GAO: Virtual currencies raise consumer, investor protection issues
WASHINGTON (7/1/14)--Virtual currencies, while heralded by some as part of an innovative new financial system, bring with them a host of challenges and risks to financial institutions, consumers and law enforcement. The U.S. Government Accountability Office (GAO) has released a report on virtual currencies, outlining several of these issues, and urging the Consumer Financial Protection Bureau to take an active role in facing consumer issues that might arise with its use.
 
Virtual currencies are digital representations of value that are not government-issued, and systems operate over the Internet and use computer protocols and encryption to conduct and verify transactions. Some can be used to buy real goods and services and exchanged for dollars or other currencies.
 
But these currencies have also been associated with illicit activity and security breaches, which raises possible regulatory, law enforcement, and consumer protection issues.
 
Several of the main issues outlined in the June 26 GAO report are:
  • Virtual currency systems may provide anonymity over traditional payment systems and can lack a central intermediary to maintain transaction information. This can lead to difficulties in detecting money laundering and other crimes;
  • Many virtual currency systems can be accessed globally to make payments and transfer funds across borders. Consequently, law enforcement agencies investigating crimes that involving these currencies have to rely upon cooperation from international partners who may operate under different regulatory and legal principles; and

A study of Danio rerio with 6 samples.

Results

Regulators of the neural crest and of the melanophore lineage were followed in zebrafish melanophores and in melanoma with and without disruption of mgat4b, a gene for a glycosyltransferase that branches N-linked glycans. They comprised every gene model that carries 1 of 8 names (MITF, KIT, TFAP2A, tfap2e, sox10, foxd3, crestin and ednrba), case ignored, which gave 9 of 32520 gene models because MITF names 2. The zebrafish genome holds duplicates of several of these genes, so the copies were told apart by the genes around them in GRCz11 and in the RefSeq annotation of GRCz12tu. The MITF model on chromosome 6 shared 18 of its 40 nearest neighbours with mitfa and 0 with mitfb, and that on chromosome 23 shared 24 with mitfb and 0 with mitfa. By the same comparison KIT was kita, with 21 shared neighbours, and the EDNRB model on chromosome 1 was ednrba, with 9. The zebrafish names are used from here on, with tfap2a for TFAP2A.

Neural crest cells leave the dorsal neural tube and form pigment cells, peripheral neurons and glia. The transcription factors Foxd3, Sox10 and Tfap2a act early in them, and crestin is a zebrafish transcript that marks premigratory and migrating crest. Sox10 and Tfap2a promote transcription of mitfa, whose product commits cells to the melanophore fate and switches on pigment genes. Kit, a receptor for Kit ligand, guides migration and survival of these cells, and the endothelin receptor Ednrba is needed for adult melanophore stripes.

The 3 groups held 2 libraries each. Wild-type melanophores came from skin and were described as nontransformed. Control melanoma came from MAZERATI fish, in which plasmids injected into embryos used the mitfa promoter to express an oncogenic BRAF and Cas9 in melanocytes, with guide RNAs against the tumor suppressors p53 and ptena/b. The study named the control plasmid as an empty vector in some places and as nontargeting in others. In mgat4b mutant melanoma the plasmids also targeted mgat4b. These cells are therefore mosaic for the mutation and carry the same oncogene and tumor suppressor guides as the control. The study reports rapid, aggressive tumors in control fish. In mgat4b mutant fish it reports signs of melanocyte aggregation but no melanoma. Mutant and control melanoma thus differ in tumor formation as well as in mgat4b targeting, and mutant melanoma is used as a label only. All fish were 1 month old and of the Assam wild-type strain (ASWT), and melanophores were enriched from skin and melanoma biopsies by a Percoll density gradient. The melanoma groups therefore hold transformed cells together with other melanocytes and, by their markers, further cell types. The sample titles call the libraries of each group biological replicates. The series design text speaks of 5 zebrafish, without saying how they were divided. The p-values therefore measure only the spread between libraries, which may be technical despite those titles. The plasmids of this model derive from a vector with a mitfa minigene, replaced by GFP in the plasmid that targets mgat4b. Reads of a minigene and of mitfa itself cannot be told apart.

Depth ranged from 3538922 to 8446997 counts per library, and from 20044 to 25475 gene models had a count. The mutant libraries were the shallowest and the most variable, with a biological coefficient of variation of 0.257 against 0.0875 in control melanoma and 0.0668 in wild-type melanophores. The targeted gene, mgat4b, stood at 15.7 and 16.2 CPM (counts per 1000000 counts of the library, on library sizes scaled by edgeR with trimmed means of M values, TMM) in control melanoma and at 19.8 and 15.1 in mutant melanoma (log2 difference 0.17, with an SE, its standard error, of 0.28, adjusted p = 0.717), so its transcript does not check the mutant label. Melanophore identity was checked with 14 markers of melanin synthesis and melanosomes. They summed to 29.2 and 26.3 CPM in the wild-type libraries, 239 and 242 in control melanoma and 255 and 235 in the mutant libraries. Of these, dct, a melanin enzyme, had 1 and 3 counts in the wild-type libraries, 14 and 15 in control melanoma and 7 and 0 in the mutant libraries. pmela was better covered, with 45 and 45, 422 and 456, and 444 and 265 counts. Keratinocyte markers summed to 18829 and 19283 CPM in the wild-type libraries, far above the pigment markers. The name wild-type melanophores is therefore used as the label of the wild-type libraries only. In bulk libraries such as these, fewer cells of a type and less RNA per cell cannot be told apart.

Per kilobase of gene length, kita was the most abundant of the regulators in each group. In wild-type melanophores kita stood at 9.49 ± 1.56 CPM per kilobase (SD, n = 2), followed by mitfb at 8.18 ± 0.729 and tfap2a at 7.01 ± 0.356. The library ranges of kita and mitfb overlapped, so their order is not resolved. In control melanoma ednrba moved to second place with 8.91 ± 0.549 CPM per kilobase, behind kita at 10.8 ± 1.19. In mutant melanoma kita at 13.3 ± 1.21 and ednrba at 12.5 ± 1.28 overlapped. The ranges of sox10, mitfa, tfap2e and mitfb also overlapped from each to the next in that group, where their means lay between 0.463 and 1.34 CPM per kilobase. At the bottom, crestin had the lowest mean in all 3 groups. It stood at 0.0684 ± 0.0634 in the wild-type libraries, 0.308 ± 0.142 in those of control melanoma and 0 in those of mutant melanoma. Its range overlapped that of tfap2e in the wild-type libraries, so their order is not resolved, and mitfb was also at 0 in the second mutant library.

• The emergence of virtual currencies has raised a number of consumer and investor protection issues, including: reported loss of consumer funds maintained by bitcoin (one type of virtual currency) exchanges, volatility in bitcoin prices, and the development of virtual-currency-based investment products. For example, in February a Tokyo-based bitcoin exchange filed for bankruptcy after reporting it had lost more than $460 million.
The U.S. Department of the Treasury's Financial Crimes Enforcement Network (FinCEN) released guidance in March 2013 requiring virtual currency exchanges to register with FinCEN. Federal agencies also have begun to collaborate on virtual currency issues through informal discussions and interagency working groups.
 
These working groups have focused on law enforcement aspects of virtual currencies, but not on emerging consumer protection issues. The GAO report states that the CFPB has "generally not participated" in these groups.
 
"Therefore, interagency efforts related to virtual currencies may not be consistent with key practices that can benefit interagency collaboration, such as including all relevant participants to ensure they contribute to the outcomes of the effort. As a result, future interagency efforts may not be in a position to address consumer risks associated with virtual currencies in the most timely and effective manner," the report reads.
 
The GAO recommended that the CFPB "take steps to identify and participate in pertinent interagency working groups addressing virtual currencies, in coordination with other participating agencies."
 
According to the report, the CFPB has agreed with this recommendation.
 
Use the resource link below for the full report.